FCC data shows public-safety LMR licensing activity continues to drop during first half of 2019, while business sector remains flat
Public-safety land-mobile-radio (LMR) licensing activity during the first half of 2019 is lagging behind last year’s record-low pace, while LMR licensing activity in the business-industrial sector is almost identical to the first six months of 2018.
According to the FCC’s Universal Licensing System (ULS) database, the agency has received 1,451 applications for new and modified public-safety LMR licenses through June 30, which represents a 13.0% decrease compared to the 1,640 applications approved during the first half of 2018—a pace that resulted in all-time-low activity level for U.S. LMR licensing.
It is likely that this year-to-year deficit in public-safety LMR licensing activity is greater, because 248 of the applications cited for this year are pending. Although a high percentage of pending public-safety applications typically are approved, a few will not be granted. The above figures assume all pending applications will be granted.
Some industry analysts have noted that this year’s public-safety licensing could approach last year’s pace, if Motorola Solutions is allowed to begin building a proposed statewide P25 system in Florida. In the spring, Florida lawmakers approved state officials executing a contract with Motorola Solutions, but no deal has been announced. A court case, tight deadlines and some unique procurement language have caused many industry sources to question whether the statewide system can be completed by the June 2021 deadline.
While the pace of overall public-safety licensing activity is behind last year’s pace, a more dramatic decrease occurred in number of new LMR licenses sought. During the first six months of 2019, 501 applications for new public-safety LMR licenses were filed with the FCC, which represents an 18.8% decrease—if all of this year’s pending applications were granted, which is unlikely—compared to the 617 new licenses granted last year.
If public-safety LMR licensing activity at the end of the year does not match last year’s total of 3,191 licenses granted (seven other applications are still pending), it would mark the seventh consecutive year-to-year decrease for the sector and the third consecutive year of setting a record low mark since the FCC established ULS in 2001.
Most industry observers expected a decline in public-safety LMR licensing to occur after a spike in public-safety LMR applications was realized as agencies worked to meet the FCC’s narrowbanding mandate in 2013. But the public-safety licensing activity has fallen below the levels seen during the economic credit crisis of 2008 and before the 2001 terrorist attacks led to additional federal funding for first-responder communications.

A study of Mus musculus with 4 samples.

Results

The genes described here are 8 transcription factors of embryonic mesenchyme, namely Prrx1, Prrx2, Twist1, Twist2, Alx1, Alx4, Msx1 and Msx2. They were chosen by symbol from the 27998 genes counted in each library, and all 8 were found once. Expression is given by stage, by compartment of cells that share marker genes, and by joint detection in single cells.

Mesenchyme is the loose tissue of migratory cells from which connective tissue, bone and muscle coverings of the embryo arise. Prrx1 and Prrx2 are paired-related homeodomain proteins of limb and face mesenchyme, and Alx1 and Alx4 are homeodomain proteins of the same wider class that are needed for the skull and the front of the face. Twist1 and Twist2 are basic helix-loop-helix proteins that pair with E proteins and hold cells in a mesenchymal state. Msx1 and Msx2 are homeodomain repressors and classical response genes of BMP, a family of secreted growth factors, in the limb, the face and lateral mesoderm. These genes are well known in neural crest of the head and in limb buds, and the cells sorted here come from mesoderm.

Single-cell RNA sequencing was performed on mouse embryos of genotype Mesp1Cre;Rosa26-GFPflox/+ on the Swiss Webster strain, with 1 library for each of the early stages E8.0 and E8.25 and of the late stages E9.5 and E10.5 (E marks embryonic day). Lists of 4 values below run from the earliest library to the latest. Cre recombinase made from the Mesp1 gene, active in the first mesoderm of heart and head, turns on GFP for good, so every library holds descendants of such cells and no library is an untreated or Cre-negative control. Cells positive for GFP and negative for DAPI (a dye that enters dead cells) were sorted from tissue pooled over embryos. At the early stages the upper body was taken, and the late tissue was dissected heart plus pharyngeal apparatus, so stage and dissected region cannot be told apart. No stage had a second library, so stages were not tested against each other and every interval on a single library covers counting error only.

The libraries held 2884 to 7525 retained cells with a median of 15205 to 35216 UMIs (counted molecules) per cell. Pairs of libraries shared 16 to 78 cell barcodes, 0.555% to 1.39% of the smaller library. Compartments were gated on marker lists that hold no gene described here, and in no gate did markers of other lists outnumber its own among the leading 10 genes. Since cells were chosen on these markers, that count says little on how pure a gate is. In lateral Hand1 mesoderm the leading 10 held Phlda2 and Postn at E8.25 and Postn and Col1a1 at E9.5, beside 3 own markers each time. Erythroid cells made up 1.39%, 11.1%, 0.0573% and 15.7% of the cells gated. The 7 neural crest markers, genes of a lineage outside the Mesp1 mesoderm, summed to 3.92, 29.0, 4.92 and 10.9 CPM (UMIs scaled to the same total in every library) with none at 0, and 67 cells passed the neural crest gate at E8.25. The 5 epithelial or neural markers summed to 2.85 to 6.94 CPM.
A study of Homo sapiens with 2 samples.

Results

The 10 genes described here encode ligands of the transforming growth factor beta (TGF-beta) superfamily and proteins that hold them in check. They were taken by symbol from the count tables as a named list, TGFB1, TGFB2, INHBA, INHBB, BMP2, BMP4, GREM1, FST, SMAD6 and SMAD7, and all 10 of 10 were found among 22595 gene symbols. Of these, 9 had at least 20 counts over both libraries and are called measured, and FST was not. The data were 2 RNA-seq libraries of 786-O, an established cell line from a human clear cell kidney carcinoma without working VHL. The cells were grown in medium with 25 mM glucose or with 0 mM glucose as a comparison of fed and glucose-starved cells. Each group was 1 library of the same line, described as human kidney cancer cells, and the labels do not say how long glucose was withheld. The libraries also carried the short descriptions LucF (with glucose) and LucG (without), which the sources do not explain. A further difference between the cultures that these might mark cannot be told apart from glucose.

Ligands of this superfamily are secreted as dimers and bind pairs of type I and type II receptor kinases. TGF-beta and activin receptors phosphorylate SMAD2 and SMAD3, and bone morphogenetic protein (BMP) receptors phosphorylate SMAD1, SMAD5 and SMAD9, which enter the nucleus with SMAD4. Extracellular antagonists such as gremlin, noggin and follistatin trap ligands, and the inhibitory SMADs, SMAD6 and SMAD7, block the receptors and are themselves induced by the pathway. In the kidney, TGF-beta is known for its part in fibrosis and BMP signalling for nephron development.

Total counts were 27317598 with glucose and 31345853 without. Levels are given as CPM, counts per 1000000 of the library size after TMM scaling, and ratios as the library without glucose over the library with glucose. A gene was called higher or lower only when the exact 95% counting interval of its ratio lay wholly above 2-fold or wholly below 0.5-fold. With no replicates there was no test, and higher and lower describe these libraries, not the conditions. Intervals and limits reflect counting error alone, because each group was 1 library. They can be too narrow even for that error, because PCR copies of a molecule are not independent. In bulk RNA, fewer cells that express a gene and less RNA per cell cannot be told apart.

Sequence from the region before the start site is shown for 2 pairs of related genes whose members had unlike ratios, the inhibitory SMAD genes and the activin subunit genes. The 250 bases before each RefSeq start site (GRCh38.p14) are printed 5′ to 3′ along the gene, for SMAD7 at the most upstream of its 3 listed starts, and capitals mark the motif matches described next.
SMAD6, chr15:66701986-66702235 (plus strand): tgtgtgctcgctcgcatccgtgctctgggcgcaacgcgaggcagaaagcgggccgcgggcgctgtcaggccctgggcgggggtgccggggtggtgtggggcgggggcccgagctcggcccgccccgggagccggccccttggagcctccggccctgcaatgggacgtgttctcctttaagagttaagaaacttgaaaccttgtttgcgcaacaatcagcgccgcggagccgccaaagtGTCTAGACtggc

One factor cited by many has been the advent of FirstNet, the nationwide public-safety broadband network (NPSBN) being built by AT&T, which has announced that mission-critical-push-to-talk (MCPTT) services will be offered to FirstNet subscribers by the end of the year.
Few expect U.S. first-responder agencies to abandon their LMR systems in the year in favor of using MCPTT-over-LTE technology for mission-critical voice communications. However, many industry sources have indicated that local-governments elected officials are hesitant to invest heavily in new LMR infrastructure—often a financial commitment of 10-15 years—until they can determine whether an LTE solution could be a viable alternative for mission-critical voice.
In the business-industrial sector, the pace of LMR licensing is virtually flat, with the FCC receiving 5,482 applications during the first half of this year. That figure represents a 1.7% increase compared to last year’s pace of 5,388, but it also includes 1,265 pending applications. If a normal percentage of the pending applications are granted, the business-industrial LMR applications approved during the first six months should be very close to the number for the same period in 2018.
Last year’s business-industrial LMR licensing activity represented the second-lowest level in the 19-year history of the FCC’s online ULS database, but it represented a 4.3% increase compared to the record-low figures posted in 2017.
One thing that has changed in the business-industrial sector is the number of applications seeking new licenses, as opposed to modifications to existing licenses. This year, the FCC has received 3,219 applications for new licenses, which is a 15.8% increase compared to the 2,779 new applications granted during the first half of 2018.